Hotels have long been known for making architectural statements with new buildings. Think the Westin Peachtree Plaza or Marriott Marquis in downtown Atlanta.
But increasingly, hotels are using old buildings to make their statements with a historic vibe.
Over the past decade several turn-of-the-century downtown Atlanta office buildings, including the Carnegie, Rhodes-Haverty and Glenn towers, have found new life as hotels, some after spending years abandoned and forlorn.
It’s not just Tiffany windows, gold relief or grand staircases that draw the operators. The main appeal is their location on prominent thoroughfares like Peachtree and Marietta streets, which attract the abundant foot traffic that is critical to a hotel’s survival, experts say.
“Having the right location is key,” Mark Woodworth, senior managing director of consulting firm PKF Hospitality, said. “There’s no question that older buildings with significant architecture are attractive, but it doesn’t make sense if they are not where the customers need to be.”
In addition, historic buildings enable big chains to create one-of-a-kind properties that compete with the boutique hotels that have proliferated in urban areas.
The latest example in Atlanta: Hotel giant Hilton announced in February that it plans to transform the 17-story Candler Building — named for Coke leader and former Atlanta Mayor Asa Candler — into a Curio by Hilton by late next year.
Hilton’s Curio brand includes historic buildings in several U.S. cities.
Office buildings are generally designed as empty shells that can be easily manipulated to fit many configurations, which is why layouts on one floor often don’t match the others in a given building, said Charles Pinkham, vice president for developer Portman Holdings, which redeveloped 11 floors of the 27-floor 230 Peachtree Street building into a Hotel Indigo.
“Office buildings by their nature are built to be reconfigured, which makes them perfect for hotel conversions,” he said.
The hotel options come at a time when metro Atlanta is experiencing a visitation surge. A record 48 million people visited the metro area in 2014 — the latest numbers available — and hotel occupancy hit 72 percent in 2015, up 2 percent over 2014, according to the Atlanta Convention and Visitors Bureau.
The transformations are part of a national movement by the lodging industry to use the character and charm of an old building to lure customers looking for more than cookie-cutter duplication in their next hotel stay, the experts say.
The Liberty Hotel in Boston, for instance, was a jail for almost 140 years before welcoming guests who stay on their own volition. Hotel Monaco in downtown D.C. started its life as a post office in 1839.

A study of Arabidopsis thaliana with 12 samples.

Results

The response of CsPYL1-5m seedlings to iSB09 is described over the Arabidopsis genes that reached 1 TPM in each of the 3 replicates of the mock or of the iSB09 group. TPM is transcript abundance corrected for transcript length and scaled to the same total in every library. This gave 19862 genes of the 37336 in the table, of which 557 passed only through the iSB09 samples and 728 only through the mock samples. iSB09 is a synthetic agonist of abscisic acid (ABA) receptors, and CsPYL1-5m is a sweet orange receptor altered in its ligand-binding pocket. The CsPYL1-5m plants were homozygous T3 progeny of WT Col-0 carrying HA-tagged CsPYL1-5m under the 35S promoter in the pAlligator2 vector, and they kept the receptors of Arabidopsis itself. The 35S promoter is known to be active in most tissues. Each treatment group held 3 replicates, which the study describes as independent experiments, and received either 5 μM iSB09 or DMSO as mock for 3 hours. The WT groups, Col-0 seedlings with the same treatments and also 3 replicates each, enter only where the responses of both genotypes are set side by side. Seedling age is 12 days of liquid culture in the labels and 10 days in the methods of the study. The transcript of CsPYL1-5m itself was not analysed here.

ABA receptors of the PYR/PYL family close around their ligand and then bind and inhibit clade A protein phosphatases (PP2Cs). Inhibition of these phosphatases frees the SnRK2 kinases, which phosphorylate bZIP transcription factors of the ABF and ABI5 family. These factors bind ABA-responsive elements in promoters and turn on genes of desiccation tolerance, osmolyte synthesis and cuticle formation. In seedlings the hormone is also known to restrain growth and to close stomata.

Locally, Residence Inn by Marriott has claimed the 21-story Rhodes-Haverty building, constructed in 1929, as its home, while Marriott recently converted the Carnegie Building, which was known as the Wynne-Claughton Building when it opened in 1925, into a Courtyard hotel.
Costs have run anywhere from $6 million for the Glenn renovations to a little more than $95 million to purchase, renovate and finance the conversion of 230 Peachtree Street, the first in downtown’s Peachtree Center development by legendary Atlanta architect John Portman. The remaining floors in the building will continue to operate as office space.
David Marvin, who transformed the circa 1923-Glenn building into a hotel in 2006, said his team faced mold, asbestos and water infiltration issues, although he said the problems were minimal and that he was pleased with the shape the building was in given that it sat empty for more than a decade.
Pinkham said there were issues with mechanical systems, structural beams and some water damage at the 230 Peachtree building. But a contingency fund, a must-have in taking on a large renovation project, handled the problems.
“You have to be comfortable with what you don’t know” in doing a renovation, he said.
The interest in the last decade in such conversions are especially important in metro Atlanta, which has been somewhat late to the game and has fewer opportunities than other competitor cities because of our penchant for overuse of the wrecking ball.
“Atlanta still has a handful of opportunities,” Marvin said, especially among older buildings south of Marietta Street. “Because of the development in the city during the 60s, a lot of buildings got torn down.”
While location is key to the decision to convert, the building has to be able to accommodate a minimum number of rooms per floor and the ceilings have to be able to handle the height of Americans, who are taller than their counterparts in the early 20th Century.
“We look at a lot of these buildings, but they don’t work for a lot of reasons,” John Koshivos, a vice president of franchise development at Hilton Hotels, said, citing room configuration as one of the challenges.
Among the standout features of the Candler Building: original Tiffany windows, a Georgia-white marble staircase, ornamental friezes and hand-carved mahogany elevator cabs.
In addition to converting the Candler building into a 265-room hotel, Hilton also is renovating the Walton Building, a 1917 building that features terrazzo floors and marble stairs, into a 128-room Home2 Suites.
“It’s a great location,” Koshivos said of the Candler Building. “The building has this fantastic history to it. And the character is superb.”